A routine inspection by the state, last fall, found Macomb’s Glenwood Pool had some structural problems and did not meet state standards. The issues identified center around the pool’s circulation and filtration systems as well as its drainage system.
Macomb Park District Executive Director Ray Peterson said some of the problems, like a broken chlorinator, can make swimming risky.
“We really battled chlorine last year with trying to maintain a steady PH. You don’t want wide swings or fluctuations in the chlorine in the swimming pool,” Peterson said.
He said that was an expensive battle last summer as the district had to buy pool chemical to get chlorine levels balanced.
The state of Illinois is requiring all of the repairs be made before it will allow Macomb to open its pool again. Peterson said there’s still time to get the work done ahead of the summer season.
Peterson said the actual construction work will only take about two weeks, assuming all the necessary parts and equipment are easily available. He anticipates the only time-consuming aspect could be actually getting the plans approved by the state before work can start.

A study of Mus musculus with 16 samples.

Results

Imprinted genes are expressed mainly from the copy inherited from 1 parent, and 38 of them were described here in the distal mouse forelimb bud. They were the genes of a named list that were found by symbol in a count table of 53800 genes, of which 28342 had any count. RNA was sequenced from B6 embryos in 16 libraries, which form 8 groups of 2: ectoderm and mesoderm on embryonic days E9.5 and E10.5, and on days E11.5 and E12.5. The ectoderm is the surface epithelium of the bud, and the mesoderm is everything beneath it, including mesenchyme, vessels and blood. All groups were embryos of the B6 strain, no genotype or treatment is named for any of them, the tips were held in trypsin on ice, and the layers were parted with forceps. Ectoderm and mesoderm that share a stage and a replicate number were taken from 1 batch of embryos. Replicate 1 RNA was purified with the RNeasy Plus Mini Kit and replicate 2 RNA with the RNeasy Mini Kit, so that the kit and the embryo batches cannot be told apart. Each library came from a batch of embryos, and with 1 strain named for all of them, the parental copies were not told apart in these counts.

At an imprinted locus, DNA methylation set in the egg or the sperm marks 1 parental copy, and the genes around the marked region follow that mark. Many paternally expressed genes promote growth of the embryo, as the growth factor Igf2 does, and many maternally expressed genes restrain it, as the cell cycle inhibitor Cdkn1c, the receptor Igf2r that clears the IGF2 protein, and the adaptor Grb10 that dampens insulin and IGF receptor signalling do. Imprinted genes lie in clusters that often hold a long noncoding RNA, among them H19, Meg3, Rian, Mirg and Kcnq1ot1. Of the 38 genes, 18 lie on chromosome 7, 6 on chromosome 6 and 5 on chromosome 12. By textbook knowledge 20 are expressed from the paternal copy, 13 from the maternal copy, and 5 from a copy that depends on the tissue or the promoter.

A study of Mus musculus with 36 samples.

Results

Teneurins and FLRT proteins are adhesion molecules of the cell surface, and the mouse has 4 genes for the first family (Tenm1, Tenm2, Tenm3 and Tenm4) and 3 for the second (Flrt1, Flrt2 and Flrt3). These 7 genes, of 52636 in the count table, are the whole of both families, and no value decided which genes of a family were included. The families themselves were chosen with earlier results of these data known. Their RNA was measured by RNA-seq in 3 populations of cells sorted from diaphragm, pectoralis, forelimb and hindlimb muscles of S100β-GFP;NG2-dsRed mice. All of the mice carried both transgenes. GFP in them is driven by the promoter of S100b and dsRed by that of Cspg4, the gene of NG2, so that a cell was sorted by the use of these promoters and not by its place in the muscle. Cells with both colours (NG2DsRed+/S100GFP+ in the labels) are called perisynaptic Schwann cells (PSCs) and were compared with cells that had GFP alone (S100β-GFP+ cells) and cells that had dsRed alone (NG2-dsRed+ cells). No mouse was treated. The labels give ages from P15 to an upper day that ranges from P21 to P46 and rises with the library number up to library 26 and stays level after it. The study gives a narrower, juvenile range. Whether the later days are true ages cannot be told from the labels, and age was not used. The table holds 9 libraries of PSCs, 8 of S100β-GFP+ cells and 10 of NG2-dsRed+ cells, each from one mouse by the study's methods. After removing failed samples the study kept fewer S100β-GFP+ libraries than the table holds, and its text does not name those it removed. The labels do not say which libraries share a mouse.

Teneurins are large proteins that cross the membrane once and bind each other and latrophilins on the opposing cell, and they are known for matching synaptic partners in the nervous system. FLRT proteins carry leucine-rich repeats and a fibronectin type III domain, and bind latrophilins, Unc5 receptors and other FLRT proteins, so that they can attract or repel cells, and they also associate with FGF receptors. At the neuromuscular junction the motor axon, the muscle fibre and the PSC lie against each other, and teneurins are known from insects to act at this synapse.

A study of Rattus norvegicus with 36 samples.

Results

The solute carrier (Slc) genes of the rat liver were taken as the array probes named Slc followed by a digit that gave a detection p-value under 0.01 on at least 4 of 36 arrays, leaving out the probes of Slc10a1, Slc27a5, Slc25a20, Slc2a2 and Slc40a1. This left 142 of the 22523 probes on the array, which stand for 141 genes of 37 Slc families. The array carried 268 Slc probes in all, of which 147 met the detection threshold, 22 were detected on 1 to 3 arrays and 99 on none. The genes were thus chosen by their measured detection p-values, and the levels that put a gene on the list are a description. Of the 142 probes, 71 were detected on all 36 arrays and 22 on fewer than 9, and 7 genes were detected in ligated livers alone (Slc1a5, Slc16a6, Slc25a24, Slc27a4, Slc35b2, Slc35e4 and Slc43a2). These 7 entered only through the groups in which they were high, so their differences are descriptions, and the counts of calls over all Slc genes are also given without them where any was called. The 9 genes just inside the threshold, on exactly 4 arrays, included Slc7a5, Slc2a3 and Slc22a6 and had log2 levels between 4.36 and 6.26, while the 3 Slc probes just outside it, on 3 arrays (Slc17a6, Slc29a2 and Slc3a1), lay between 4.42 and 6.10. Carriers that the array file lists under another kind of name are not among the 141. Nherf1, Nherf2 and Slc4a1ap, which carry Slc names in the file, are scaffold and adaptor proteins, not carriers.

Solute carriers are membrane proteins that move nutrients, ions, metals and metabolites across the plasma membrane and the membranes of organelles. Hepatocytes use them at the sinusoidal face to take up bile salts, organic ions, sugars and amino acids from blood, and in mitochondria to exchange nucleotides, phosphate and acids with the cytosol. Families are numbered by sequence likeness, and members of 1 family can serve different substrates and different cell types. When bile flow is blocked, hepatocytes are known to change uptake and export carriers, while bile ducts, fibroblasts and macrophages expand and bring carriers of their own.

“There are horror stories about how long this process can take sometimes,” Peterson said. “The people doing this for us assure us they have a good rapport with the state and should be able to get these approved quickly which may mean a couple of weeks. If it means a couple of months, it changes the entire calendar.”
The initial estimates are that the repairs will cost about $50,000. Peterson has some concerns about that figure, because the age of Glenwood Pool could retire more work than meets the eye.
"Anyone who has ever renovated a house understands that once you start the work, there is always something else that comes up," Peterson said.
The City of Macomb and the Park District will split the cost of repairs up to a maximum of $75,000. Any price tag higher than that could trigger Glenwood Pool’s permanent closure.
Mayor Mike Inman said repairs should be done because Glenwood is the only public pool in Macomb. “Right now, that is the only viable option the community and that’s why it seems reasonable to invest $35,000 to maintain it.”
The city council voted in favor of making the repairs, although Alderman Tom Koch cast the lone no vote. He questioned whether the repairs are really worth the expense since pool attendance has been on the decline in recent years.